Posted: Wed 27th Mar 2013
PopUp Britain's work at creating and raising awareness of pop-up shops in London has been a roaring success, said Enterprise Nation founder Emma Jones. More than 130 small online retailers have benefited from direct contact with customers since the programme began in Richmond last summer and it's soon to be rolled out in other UK locations. "All of our tenants have benefited, either from commerce or increasing online traffic, immediate customer feedback or joint ventures," Emma pointed out. "Elephant Branded even got a contract to supply John Lewis on the back of their appearance in a pop-up shop," she added. What's more, the PopUp Britain team has worked with lawyers to create a simple 'National Pop-up Lease' for landlords to use; and their showcase shop in the Department of Culture and Local Government is raising awareness of the phenomenon among policymakers. As more and more retail spaces become empty under pressure from online retail, pop-ups could be the future for small retailers trying to get direct contact with customers or break into offline retail. Check out PopUp Britain to find out how you can get involved.
The emergence of mobile payment systems is a big boon to pop-up retailers and those who sell at fairs and shows. But almost all the speakers drew attention to the growing influence of mobile commerce. Around 90 per cent of the UK population will have smartphones by this time next year, pointed out Cate Trotter of Insider Trends; and 29 per cent already have a tablet device. Moreover, research shows that multichannel customers spend 15-30 per cent more than single channel ones. Mark Collin, head of retail for Europe at ThoughtWorks explained that mobile was becoming increasingly important for larger retailers and described how Lastminute.com had worked directly with customers to create a lean and functional mobile that brought in their usual annual mobile revenue in just three months. Â "A lot of our clients are now thinking 'How do I do my proposition for mobile?' first," stressed Mark.
Mark also spoke about how larger retailers that had developed around efficiency of large-scale processes struggled with turning ideas into products and services quickly and cost-effectively. The modern marketplace demands agility and the key is to innovate like a start-up - and build the business around a continuous design-development-feedback loop that enables rapid development, market testing and refinement of ideas. "One of the things large retailers find difficult to do is to simply ask the customer what they want from them," said Mark. Detailed customer data is essential to develop relevant products - and almost all innovation now is influenced by four key websites: Google ("How do we use it?"), Amazon ("How do we protect ourselves from it?"), Apple ("How do we be like Apple?") and Facebook ("How do we interact with it?").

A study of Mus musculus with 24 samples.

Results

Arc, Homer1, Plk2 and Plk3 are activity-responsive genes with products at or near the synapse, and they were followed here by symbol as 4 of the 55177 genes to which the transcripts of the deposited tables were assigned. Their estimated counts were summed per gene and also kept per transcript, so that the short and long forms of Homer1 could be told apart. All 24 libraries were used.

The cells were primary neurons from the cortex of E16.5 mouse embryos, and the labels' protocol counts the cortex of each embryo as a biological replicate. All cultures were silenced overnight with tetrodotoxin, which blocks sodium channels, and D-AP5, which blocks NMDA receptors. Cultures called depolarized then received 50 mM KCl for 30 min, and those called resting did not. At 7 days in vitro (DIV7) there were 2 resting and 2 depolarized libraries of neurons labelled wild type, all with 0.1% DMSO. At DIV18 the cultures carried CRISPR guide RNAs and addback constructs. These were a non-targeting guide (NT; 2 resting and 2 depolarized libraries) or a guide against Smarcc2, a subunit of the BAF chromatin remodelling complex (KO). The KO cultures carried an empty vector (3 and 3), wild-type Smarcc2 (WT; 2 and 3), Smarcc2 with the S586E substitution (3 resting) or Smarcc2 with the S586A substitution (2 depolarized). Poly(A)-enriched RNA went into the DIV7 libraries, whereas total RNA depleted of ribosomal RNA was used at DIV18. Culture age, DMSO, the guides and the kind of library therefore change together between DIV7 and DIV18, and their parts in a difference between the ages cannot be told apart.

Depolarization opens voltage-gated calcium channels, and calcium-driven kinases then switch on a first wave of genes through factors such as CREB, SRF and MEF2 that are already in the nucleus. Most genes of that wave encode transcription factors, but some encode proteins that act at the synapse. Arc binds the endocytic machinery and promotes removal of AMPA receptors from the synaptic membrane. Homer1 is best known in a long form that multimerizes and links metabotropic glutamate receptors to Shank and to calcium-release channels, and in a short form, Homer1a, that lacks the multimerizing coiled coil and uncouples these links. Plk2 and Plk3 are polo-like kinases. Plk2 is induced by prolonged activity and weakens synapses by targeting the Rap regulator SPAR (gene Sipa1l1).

Jonathan Chippendale, CEO of Holition, developed the theme of customers being in control by pointing out how even luxury brands were now reaching out to a wider range of consumers by using digital media to personalise the buying experience. "Nowadays, retail is about what you want to buy, when you want to buy it and why you want to buy it," he said. Thanks to online retail, consumers are now "liberated" from traditional retailer/customer relationships. "The way luxury brands used to talk to the consumer was very linear and one dimensional," Jonathan continued. "They would tell their customers what to look like and had intimidating retail spaces. It's different now - the most important relationship is what happens to information once you have it. Who do you share it with? Who do you send it to? The most important role model now could be your best friend, rather than Kate Moss." So, for example, C&A in Brazil has clothes hangers with Facebook 'Like' buttons on; Uniqlo has "magic mirrors" that communicate with your iPhone to send images of you in different outfits to friends for their comment. This kind of "social multiplication" is critical for retailers to remain visible in the new world of retail.
Social multiplication through online networking also illustrates how online and offline shopping experiences are merging together. Every one of the speakers touched on the influence of the web on the modern buying experience, from Jonathan Chippendale's in-store social media interactions to Mark Collin's description of Tesco's launch in South Korea, where outdoor advertising spaces at bus stops are turned into ecommerce centres where consumers can buy products as they wait. The modern retail experience is all about bringing online, mobile and offline together - even to the extent of designing an entire store around a website as Burberry has in its Regent Street store. "The retailers who will be most successful in the future will be the ones who can combine these the most effectively," concluded Cate Trotter.